The Sevenhugs HugOne Sleep Tracking System.

Tyler Lizenby/CNET

Editors’ note, February 10, 2017: A Sevenhugs’ representative amended the company’s earlier statement — noting that production itself hasn’t been paused, but feature development has halted while they work to fix a bug. The piece has been updated accordingly.

I thought a sleep tracker that worked with Alexa, Nest, Philips Hue and IFTTT sounded too good to be true. As it turns out, it might be too good to be true, at least for now.

Due to a Wi-Fi connectivity error, French tech startup Sevenhugs is halting work on updates, features and software development while the company tries to fix the bug on the HugOne system.

The HugOne is a colorful, family-friendly set of gizmos. Place one of the system’s sleep sensors on the corner of your bed (one for each person sleeping in it), and it’ll track your movements throughout the night. In the morning, after you’ve woken up, the sensor will transmit the data back to the base station using Sevenhugs’ proprietary frequency, letting you track everything on your Android or iOS device.

The sensors also track the temperature and humidity conditions in each room. If anything’s amiss, the base station will change from a blue glow to a pink one to let you know to take action and open a window.

I’d just started testing the HugOne but couldn’t get the system’s hub connected to my Wi-Fi. I worked with the company on troubleshooting and even downloaded the beta of a future app update. to no avail. As it turns out, I’m not the only one having trouble.

Per a company representative via email, the issue only affects a “small percentage of customers.” The representative noted that for customers “unable to resolve their issue with customer support, we provide two options: a) full refund plus free return shipping or b) free product replacement. We greatly appreciate our customers, and we are doing everything in our power to take care of them.”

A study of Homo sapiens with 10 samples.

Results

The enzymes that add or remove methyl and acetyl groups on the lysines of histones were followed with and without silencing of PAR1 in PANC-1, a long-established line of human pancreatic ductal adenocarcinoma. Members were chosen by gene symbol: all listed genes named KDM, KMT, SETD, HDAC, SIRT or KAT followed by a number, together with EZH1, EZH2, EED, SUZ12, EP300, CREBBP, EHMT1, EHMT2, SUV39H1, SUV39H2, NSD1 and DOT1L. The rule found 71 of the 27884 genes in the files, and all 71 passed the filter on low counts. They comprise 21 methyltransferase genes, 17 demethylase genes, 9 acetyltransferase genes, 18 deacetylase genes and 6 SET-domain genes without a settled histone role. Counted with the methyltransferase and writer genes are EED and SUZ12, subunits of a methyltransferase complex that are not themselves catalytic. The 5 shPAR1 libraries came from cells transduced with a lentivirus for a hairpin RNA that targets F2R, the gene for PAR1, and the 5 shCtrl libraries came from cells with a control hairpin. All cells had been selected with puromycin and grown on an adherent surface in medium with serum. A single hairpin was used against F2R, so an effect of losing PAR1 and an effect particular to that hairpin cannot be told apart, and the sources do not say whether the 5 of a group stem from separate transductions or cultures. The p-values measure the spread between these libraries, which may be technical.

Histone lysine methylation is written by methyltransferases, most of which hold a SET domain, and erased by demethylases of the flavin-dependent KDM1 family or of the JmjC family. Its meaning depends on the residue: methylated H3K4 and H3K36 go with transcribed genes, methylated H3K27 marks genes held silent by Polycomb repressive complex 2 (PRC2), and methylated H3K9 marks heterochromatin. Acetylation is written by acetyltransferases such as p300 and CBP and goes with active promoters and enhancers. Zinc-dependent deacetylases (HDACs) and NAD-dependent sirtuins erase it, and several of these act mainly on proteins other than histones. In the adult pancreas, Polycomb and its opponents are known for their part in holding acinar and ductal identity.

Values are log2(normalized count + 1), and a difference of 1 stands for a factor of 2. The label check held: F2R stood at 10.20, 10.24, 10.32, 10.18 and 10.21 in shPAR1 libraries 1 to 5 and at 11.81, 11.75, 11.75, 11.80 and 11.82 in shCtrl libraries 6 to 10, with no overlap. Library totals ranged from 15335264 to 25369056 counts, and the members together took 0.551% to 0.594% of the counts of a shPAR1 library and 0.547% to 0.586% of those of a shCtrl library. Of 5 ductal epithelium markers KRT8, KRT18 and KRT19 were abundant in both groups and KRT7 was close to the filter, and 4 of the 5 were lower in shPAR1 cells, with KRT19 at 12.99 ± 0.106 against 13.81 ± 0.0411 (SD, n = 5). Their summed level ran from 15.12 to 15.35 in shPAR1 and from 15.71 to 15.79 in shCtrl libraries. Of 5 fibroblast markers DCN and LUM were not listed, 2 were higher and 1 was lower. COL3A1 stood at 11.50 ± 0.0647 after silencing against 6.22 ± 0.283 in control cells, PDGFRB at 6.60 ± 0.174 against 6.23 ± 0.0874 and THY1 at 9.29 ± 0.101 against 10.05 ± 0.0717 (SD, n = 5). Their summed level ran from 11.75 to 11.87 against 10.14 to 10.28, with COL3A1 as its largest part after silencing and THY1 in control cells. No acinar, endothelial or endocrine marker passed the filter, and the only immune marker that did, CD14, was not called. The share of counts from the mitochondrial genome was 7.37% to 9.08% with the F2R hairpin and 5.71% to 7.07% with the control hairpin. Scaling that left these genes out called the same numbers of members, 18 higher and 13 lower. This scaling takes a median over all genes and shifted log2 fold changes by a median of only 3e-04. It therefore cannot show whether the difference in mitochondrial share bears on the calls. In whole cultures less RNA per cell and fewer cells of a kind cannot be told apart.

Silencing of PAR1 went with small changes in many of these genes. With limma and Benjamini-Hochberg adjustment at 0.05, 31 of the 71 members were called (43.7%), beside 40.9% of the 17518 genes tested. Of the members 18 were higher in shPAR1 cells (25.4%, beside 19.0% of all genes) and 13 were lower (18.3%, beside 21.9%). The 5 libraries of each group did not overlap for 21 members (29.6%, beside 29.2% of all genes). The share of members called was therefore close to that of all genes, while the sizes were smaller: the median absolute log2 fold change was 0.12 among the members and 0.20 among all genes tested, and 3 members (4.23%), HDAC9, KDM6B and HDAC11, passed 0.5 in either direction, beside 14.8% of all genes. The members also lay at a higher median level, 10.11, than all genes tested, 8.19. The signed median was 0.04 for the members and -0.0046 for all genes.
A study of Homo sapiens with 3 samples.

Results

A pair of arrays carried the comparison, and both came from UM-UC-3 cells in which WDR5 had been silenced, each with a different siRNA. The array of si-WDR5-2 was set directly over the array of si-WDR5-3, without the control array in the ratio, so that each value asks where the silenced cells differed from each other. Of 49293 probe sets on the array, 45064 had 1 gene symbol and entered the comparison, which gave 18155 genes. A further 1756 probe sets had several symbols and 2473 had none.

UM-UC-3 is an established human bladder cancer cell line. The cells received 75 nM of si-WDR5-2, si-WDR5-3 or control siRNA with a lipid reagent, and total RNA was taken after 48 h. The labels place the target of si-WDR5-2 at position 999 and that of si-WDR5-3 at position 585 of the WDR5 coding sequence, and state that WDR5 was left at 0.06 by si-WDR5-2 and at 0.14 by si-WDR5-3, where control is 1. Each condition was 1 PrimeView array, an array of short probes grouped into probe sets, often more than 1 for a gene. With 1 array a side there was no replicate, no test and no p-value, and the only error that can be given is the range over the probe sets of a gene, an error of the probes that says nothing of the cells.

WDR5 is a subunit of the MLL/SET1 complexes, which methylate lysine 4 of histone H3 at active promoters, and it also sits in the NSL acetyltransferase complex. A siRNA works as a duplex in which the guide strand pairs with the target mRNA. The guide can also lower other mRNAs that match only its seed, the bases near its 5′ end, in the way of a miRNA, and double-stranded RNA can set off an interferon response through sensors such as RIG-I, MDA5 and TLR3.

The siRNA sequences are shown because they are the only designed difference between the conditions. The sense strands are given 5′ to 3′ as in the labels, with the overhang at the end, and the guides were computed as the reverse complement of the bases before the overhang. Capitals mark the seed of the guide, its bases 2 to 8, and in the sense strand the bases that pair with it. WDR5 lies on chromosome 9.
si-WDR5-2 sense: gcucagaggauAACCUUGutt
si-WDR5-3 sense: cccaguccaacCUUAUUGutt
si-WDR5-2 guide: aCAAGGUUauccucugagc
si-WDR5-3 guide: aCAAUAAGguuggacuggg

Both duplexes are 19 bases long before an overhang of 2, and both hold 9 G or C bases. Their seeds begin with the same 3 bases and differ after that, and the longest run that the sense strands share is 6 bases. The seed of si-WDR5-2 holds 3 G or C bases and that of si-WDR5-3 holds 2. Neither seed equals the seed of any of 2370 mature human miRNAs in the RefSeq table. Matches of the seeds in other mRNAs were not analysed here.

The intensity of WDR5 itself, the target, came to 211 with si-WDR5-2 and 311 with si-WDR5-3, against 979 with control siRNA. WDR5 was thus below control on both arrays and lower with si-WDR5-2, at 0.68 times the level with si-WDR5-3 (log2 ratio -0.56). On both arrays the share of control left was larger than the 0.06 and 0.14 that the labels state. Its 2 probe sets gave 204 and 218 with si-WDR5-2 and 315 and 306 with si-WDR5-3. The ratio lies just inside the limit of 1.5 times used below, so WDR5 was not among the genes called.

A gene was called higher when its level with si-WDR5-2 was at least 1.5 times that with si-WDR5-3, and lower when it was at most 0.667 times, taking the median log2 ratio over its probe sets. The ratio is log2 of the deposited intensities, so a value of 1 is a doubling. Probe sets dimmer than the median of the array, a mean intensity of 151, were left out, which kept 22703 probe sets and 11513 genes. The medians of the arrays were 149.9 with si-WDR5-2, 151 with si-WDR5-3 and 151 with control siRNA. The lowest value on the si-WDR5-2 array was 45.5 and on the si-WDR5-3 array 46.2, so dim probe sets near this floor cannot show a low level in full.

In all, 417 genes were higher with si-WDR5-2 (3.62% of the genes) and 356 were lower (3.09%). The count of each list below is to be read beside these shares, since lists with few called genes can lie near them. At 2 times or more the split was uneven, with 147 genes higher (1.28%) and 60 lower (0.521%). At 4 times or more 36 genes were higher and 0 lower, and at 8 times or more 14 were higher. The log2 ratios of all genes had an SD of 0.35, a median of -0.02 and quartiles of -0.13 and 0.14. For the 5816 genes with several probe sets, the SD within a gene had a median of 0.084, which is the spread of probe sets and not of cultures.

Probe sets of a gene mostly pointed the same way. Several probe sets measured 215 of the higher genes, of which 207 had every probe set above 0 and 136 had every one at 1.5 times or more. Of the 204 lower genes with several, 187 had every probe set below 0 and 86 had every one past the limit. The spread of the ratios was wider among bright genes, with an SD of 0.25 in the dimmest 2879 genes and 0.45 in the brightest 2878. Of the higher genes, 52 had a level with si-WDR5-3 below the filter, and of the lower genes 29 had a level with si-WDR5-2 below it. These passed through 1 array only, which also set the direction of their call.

The “HugOne” base station will start glowing pink if your bedroom gets too hot or stuffy.

Tyler Lizenby/CNET

A properly functioning HugOne should work with a few notable smart home gadgets. Sync it up with a Nest Learning Thermostat, and you’ll be able to trigger your thermostat whenever everyone’s in bed and again when everyone wakes up. You’ll also be able to connect it with Philips Hue’s smart LED lighting system and trigger your bulbs to turn off when you get in bed, or to fade on in the morning. Take advantage of the system’s channel on the free automation service IFTTT, and you’ll be able to trigger even more smart-home gadgets.

The system will also be compatible with Amazon’s Alexa, which lets you ask the voice-activated virtual assistant to tell you the air quality in each bedroom.

This isn’t the first we’ve seen of Sevenhugs. Back in January 2016 at CES, the startup offered CNET a look at a prototype of a touchscreen remote for the smart home, with contextual controls that change depending on what you’re pointing it at. The Sevenhugs team has had it on hand again at several shows since then, including this year’s CES, but it’s still only available for preorder.

The HugOne sleep tracking system is available through Amazon Launchpad. Though the company clarified that production as a whole hasn’t stopped, I’d still recommend waiting on a purchase until we’ve confirmed the connectivity issue is fixed.